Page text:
March has an urgency about it -- likely due to the month's name doubling as an imperative to walk determinedly. And so I urge you to move yourself, by whatever means of locomotion you prefer, to as many art events you can this month.
But where to start? The event everyone's going to be talking about is the grand opening of Minnesota Street Project on March 18, the Dogpatch neighborhood arts complex backed by Deborah and Andy Rappaport. Boasting 11 gallery spaces, approximately 30 studios, art storage services and more, the ambitious development is sure to put on one heck of an inaugural party -- stay tuned for an official report on all the galleries' first exhibitions in the weeks to come.
And here are five more suggestions, just for fun.
Katelyn Eichwald & Peter Shear; Mike Rothfeld, In the Region of the Disprovable
Alter Space, San Francisco
March 5 – April 16, 2016
In Alter Space's main galleries, out-of-towners Katelyn Eichwald and Peter Shear present a self-titled exhibition of paintings. Eichwald's canvasses are full of crudely rendered figures -- women reclining, reading, smoking in tubs. Shear's brightly colored abstract works are a veritable smorgasbord of small-scale abstraction -- each utilizing a different method, palette and pattern. But the cherry topper on this exhibition cycle is a new work by Mike Rothfeld in the Peephole Gallery. With lo-fi materials, Rothfeld crafts sometimes ominous, often hilarious sci-fi scenarios, sparking the viewer's creative thinking as they parse out a narrative from the gooey, glowing or alien objects at hand.
Luke Butler, Afterimage
Jessica Silverman Gallery, San Francisco
March 10 – April 16, 2016
Speaking of science fiction, it's been four years since Luke Butler's last media-inspired exhibition at Jessica Silverman. His new body of work includes a continuation of his “The End” paintings, canvases that appear to be stills of movie end credits, all produced by “L BUTLER PICTURES.” The self-portraiture becomes figurative in a series of paintings depicting the artist himself prone on the ground, surrounded by painting supplies. Explicitly or indirectly depicting his own tragicomic death, Butler's delicately crafted memento mori invite close looking and plenty of dry chuckles.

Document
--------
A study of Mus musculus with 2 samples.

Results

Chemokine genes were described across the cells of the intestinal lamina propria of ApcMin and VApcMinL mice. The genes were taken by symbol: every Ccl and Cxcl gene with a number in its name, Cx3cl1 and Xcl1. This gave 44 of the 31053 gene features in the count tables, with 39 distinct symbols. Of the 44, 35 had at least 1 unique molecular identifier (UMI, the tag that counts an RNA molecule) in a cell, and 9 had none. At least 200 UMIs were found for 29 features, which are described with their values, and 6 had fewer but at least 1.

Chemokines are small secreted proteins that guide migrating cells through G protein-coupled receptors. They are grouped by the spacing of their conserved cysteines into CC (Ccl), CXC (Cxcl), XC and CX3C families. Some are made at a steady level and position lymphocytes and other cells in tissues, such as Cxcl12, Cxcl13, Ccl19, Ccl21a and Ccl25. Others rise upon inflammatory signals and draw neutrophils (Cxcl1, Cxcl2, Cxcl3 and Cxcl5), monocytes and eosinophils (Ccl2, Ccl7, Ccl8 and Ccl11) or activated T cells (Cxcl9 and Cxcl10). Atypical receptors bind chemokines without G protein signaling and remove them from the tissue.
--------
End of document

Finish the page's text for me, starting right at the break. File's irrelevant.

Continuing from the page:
Samara Golden, A Trap in Soft Division
Yerba Buena Center for the Arts, San Francisco
March 11 – May 29, 2016
My first introduction to Los Angeles-based Samara Golden's work was a hallucinatory installation at LA's Night Gallery, where she fabricated -- with little more than lighting, foam board and fabric -- scenes of an endlessly reflecting night club, an eerily abandoned car crash and a kitchen filled with the creepiest cat-shaped cushions imaginable. Golden's new commission for YBCA is her largest installation to date; look forward to a entering an artwork that will likely fill you with dread -- but in the best way possible.
Void California: 1975 - 1989
CCA Wattis Institute for Contemporary Arts, San Francisco
March 11 - April 9, 2016
CCA's graduating curatorial practice students bring together a deeply researched exhibition of artwork, ephemera, video and sound from California's punk heyday. Positioning itself against Hot Topic-esque nostalgia, the exhibition dives into the ways in which artists and collectives like Raymond Pettibon, Melody Sumner Carnahan, Negativland and We Got Power used portable recording equipment and cheap, easily reproducible media to document and spread an alternative narrative to the mainstream (and increasingly conservative) culture. A series of events may prove the punk spirit lives on, starting with opening night performance by Brontez Purnell.
Carrie Hott, Key Room
Headlands Center for the Arts, Marin Headlands
Opens March 20, 12-5pm
The latest in an illustrious series of permanent artist commissions at the Headlands, The Key Room is both an installation and visitor resource center. Two years in the making, Oakland-based artist Carrie Hott's project touches on the Headlands' long and complicated history (from dairy farming to missile base to arts center) through archival materials, archeological displays, Hott's own artworks and a bank of phones playing local sounds, interviews and testimonials. With a talent for connecting disparate subjects (whaling, oil lamps and black out curtains, to name a few) in visually arresting ways, this "unlocking" will be well worth the trip via tunnel or scenic coastal route.